Or are they?

A “meme” is a discreet ingot of cultural information. The term was coined by British evolutionary biologist Richard Dawkins, whose book “The Selfish Gene” espoused a collective, genetics-centered theory of evolution (in contrast to evolutionary theories that focus on the individual or the social group). Dawkins saw the meme as analogous to the gene. Just as our genes are a means through which biological information is distributed through our bodies, memes are the means or the currency through which cultural ideas are transmitted from one mind to another.

Consider any Internet- or television-spawned “in-joke” you can think of. The basis for the humor is that you know the source. Whether that source is a cat who looks like he’s frowning, Justin Timberlake pointing to a cardboard box at his belt line, or a dancing silhouette of a person we associate with Apple iPod products, you understand these references, these memes, because these ideas have been transmitted to you and through you in popular culture.

Likewise, “Slender Man”(or Slenderman) is a meme, a cultural idea whose genesis was the Internet and whose propagation through society has been facilitated by the Web. Slender Man “is a mythical creature often depicted as a tall, thin figure wearing a black suit and a blank face,” explains Know Your Meme. “According to the legend [which was entirely fabricated online] … the creature may cause memory loss, insomnia, paranoia, coughing fits (nicknamed “slendersickness”), photograph/video distortions and can teleport at will.”

Slender Man was originally a Photoshop creation by one Eric Knudsen in 2009. He provided a short description of his image, saying that Slender Man was “a mysterious creature who stalked children.” Knudsen subsequently expanded the back story of his monster by creating at least one more image. Other readers of the website where Knudsen posted his Photoshop began crafting Slender Man fiction, using Knudsen’s images as inspiration. The newly minted meme would go on to capture the imagination of many young people, all of whom heard about the monster from the Internet (or from others who did).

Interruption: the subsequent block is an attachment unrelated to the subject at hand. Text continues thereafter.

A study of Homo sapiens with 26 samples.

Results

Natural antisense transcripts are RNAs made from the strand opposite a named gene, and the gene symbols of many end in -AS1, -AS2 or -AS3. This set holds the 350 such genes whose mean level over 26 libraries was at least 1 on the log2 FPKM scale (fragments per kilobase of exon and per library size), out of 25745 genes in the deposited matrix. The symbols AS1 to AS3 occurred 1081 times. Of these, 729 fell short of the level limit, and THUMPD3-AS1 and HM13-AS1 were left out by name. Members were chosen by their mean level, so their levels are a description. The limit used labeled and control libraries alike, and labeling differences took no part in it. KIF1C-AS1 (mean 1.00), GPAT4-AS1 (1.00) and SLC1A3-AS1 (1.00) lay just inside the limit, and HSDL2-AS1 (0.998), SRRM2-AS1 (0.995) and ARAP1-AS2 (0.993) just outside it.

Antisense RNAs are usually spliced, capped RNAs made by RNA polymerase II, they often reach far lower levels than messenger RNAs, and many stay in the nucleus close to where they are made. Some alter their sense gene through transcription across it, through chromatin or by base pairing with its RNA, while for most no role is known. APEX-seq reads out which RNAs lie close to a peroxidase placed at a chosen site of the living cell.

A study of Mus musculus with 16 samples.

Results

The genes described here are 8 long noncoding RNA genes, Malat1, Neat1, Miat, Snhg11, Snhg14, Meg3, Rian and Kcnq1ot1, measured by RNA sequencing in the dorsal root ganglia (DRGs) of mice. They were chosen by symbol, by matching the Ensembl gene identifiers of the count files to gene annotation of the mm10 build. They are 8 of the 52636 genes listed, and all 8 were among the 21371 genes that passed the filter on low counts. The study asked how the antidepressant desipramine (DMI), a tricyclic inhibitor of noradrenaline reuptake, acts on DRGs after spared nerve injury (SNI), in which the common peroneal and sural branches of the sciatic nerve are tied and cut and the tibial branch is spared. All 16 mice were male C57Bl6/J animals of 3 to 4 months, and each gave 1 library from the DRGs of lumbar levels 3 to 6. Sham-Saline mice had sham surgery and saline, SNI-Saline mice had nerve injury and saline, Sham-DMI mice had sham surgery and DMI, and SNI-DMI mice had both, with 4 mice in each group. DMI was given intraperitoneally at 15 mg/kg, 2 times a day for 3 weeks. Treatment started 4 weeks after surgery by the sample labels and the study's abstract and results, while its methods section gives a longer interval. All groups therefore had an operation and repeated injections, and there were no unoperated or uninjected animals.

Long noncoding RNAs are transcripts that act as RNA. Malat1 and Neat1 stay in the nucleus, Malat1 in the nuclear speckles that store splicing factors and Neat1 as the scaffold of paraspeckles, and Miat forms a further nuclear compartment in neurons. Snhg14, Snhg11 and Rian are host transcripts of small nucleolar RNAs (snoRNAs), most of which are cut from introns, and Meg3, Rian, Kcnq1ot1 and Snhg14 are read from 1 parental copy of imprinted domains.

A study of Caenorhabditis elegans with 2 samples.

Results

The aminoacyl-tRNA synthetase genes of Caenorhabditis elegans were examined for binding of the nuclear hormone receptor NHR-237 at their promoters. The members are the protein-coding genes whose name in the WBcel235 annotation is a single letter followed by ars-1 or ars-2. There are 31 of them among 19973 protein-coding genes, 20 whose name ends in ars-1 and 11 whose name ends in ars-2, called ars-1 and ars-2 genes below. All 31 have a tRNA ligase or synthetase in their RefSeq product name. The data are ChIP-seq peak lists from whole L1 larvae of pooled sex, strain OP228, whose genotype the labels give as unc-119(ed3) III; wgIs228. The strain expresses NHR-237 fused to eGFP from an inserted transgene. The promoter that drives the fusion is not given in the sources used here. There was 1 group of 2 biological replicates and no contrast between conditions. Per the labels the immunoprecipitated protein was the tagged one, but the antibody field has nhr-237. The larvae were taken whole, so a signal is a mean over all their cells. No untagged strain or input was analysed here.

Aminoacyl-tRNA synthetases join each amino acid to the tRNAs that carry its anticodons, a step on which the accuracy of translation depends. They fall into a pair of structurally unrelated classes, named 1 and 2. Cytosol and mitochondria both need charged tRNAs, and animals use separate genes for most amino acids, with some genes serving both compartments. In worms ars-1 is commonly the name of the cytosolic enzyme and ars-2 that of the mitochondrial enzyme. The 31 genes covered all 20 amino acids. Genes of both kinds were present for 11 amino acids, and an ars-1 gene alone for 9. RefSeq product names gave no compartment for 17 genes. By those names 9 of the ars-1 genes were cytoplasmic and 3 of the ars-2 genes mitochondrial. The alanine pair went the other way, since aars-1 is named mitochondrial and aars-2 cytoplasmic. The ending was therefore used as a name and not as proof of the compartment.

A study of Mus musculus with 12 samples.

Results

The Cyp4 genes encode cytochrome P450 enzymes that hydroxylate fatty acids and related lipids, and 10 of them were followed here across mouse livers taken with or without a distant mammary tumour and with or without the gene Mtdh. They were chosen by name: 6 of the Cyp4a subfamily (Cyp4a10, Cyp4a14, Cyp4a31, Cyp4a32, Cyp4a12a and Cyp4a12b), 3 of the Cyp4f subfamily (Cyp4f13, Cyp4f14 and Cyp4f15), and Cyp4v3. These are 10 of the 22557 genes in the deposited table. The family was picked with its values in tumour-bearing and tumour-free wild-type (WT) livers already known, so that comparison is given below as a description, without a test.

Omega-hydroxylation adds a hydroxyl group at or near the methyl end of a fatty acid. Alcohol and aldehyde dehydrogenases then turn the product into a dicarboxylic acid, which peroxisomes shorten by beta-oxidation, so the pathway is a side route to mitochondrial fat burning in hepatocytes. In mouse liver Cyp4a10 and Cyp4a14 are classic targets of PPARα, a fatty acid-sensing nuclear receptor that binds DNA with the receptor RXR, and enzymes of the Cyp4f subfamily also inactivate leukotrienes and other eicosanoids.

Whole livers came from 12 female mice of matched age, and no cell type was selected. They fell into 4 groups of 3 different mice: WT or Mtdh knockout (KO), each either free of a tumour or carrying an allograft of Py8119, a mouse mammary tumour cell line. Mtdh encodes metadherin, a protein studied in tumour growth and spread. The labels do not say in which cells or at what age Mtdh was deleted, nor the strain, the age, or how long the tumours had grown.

Like any “urban myth,” then, Slender Man is entirely a creation of the Web, an idea that takes hold and becomes widely known simply because other Internet users read it and pass it on. The wishful thinking, the longing to believe, of minds enamored of Slender Man was once relegated to the realms of horror stories and Internet lore. Now, however, people are dying for Slender Man – or, more accurately, people are killing for him.

In Wisconsin, two 12-year-old girls viciously stabbed a classmate 19 times in the name of Slender Man. Depending on the source one believes, it’s possible the girls thought stabbing their victim would somehow allow them to commune with the monster. Remember the sneakers-wearing cultists who killed themselves believing their spirits would travel on a passing comet? This is very similar. The girls apparently thought they could achieve some transcendent state by making a violent sacrifice to a spirit, an entity, that exists only in the minds of other Internet users.

Not long after the Wisconsin stabbing, a 13-year-old girl in Ohio attacked her mother with a knife. She claims she doesn’t remember the attack, during which she wore a white mask. (Among her writings, investigated after the attack, were references to killing and to Slender Man.) The recent cop-killings in Nevada have also been linked to Slender Man (although that link may be somewhat tenuous): The male half of the murderous couple was a cosplayer who liked to dress up as the Joker – and as Slender Man.

But are we being too quick to blame an Internet myth for the actions of individuals? Adrianne Jeffries asserts that Slender Man is the new “the devil made me do it.” She writes, “It’s not unusual for murderers and criminals to cite pop culture as an influence. … [But kids] who try to kill their peers or their parents tend to fall into the same three categories as school shooters. … They tend [either to be] psychotic or extremely mentally ill; have been heavily abused themselves; or exhibit psychopathic tendencies, meaning they don’t empathize with others and may be divorced from reality.”

Caitlin Dewey puts a finer point on it: “It’s a seductive narrative,” she writes, “almost as seductive, in fact, as the legend of Slender Man himself. Kids aren’t mentally ill, or psychopathic, or (God forbid!) evil in their own right: They’re just corrupted by the Internet, this vast, shadowy, totally separate underworld that many people don’t entirely grasp. The Internet is the actor. The Internet has all the agency. … The Internet, truth be told, has very little to do with it.”

This is the reality of Slender Man. The Internet as a whole, websites specifically, technology in general … these are not to blame for senseless violence, for brutal stabbings and vicious shootings. Psychopaths within our society are to blame. Broken, mentally ill, soulless children are to blame. A godless society that does not value human life is to blame. The Web is only the messenger. Ultimately, then, we have no one to blame but ourselves: We are all Slender Man’s children, for together we have spawned both the myth and the monsters who kill in its name.

Media wishing to interview Phil Elmore, please contact media@wnd.com.